White House National Economic Council Director Brian Deese said Wednesday that the Biden administration is worried about diesel shortage.
Deese told Bloomberg Surveillance that the White House is “very concerned” about national stockpiles of refined fuel products and diesel shortages in particular. The economic director also said that the Biden administration is keeping all options on the table to refill U.S. fuel stockpiles, including banning oil companies’ exports to Europe and other countries.
“We need to see the [oil and gas] industry build those inventory levels,” Deese said.
National stocks of distillate fuel oil, which is processed into diesel and other fuels, are at their lowest levels since 2008 which is causing the Biden administration to consider “emergency measures,” to curb fuel exports. However, industry groups and Exxon Mobil CEO Darren Woods warned in October that Energy Secretary Jennifer Granholm that limiting exports could hurt supply and hike prices.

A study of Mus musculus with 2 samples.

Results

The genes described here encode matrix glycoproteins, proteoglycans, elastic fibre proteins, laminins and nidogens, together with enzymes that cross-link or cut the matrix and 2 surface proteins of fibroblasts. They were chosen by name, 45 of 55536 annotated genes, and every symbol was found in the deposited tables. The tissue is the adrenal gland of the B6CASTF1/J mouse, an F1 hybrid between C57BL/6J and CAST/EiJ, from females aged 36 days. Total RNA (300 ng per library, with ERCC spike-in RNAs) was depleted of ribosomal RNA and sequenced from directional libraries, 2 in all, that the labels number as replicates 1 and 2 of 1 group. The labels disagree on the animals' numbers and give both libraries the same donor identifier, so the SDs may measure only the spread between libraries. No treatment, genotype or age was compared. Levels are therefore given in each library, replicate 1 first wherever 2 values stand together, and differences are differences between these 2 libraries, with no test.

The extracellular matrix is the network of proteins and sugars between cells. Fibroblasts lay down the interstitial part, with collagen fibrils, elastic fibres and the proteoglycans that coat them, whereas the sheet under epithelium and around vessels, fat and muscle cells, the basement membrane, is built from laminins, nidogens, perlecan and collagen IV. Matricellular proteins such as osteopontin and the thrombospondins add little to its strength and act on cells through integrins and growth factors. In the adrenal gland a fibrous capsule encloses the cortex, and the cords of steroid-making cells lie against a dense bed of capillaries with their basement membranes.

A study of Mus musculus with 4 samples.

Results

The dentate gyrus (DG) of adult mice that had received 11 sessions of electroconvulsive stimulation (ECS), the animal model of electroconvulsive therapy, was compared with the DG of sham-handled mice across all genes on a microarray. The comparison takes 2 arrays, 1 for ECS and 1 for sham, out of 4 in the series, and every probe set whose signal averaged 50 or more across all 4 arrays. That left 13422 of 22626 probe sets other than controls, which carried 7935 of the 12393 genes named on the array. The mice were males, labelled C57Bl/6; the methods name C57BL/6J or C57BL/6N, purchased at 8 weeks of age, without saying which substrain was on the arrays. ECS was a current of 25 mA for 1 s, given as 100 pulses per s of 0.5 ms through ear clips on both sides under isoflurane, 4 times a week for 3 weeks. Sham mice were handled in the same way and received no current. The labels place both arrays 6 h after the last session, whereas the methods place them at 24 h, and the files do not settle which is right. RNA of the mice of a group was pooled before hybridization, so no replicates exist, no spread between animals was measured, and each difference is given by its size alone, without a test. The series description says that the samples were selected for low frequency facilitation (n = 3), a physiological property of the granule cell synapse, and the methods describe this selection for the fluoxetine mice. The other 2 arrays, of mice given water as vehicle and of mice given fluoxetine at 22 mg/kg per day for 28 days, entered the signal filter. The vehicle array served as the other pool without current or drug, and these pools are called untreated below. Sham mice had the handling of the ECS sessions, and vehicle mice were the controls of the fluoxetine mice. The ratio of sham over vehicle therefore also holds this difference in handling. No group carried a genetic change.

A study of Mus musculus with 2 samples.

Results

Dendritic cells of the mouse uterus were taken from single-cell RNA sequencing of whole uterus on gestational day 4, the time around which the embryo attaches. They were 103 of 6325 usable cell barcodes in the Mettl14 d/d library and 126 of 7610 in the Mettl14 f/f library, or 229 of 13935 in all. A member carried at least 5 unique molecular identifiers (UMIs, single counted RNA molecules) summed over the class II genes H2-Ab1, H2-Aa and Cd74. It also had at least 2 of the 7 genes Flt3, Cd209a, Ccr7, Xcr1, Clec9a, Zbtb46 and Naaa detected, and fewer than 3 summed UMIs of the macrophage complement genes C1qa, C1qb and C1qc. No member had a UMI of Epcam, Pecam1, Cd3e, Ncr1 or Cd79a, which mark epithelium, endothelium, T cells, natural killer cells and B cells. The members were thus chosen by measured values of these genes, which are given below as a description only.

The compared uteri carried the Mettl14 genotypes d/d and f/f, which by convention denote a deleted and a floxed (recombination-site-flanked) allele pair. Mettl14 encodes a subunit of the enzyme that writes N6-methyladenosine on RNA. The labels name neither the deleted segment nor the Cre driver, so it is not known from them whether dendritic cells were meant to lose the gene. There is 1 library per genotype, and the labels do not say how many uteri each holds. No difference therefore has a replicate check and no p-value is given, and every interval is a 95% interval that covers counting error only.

National diesel prices have been rising for over two weeks and are close to historic highs, according to the EIA. Diesel powers numerous industries and its prices affect the costs of winter heating as well as transportation costs. Deese said that shortages were most pronounced on the East Coast where stockpiles in New England and the Central Atlantic are nearing all-time lows.
He also said that the administration could tap the Northeast’s emergency diesel reserve if stockpiles do not increase quickly enough.
The White House did not immediately respond to the Daily Caller News Foundation’s request for comment.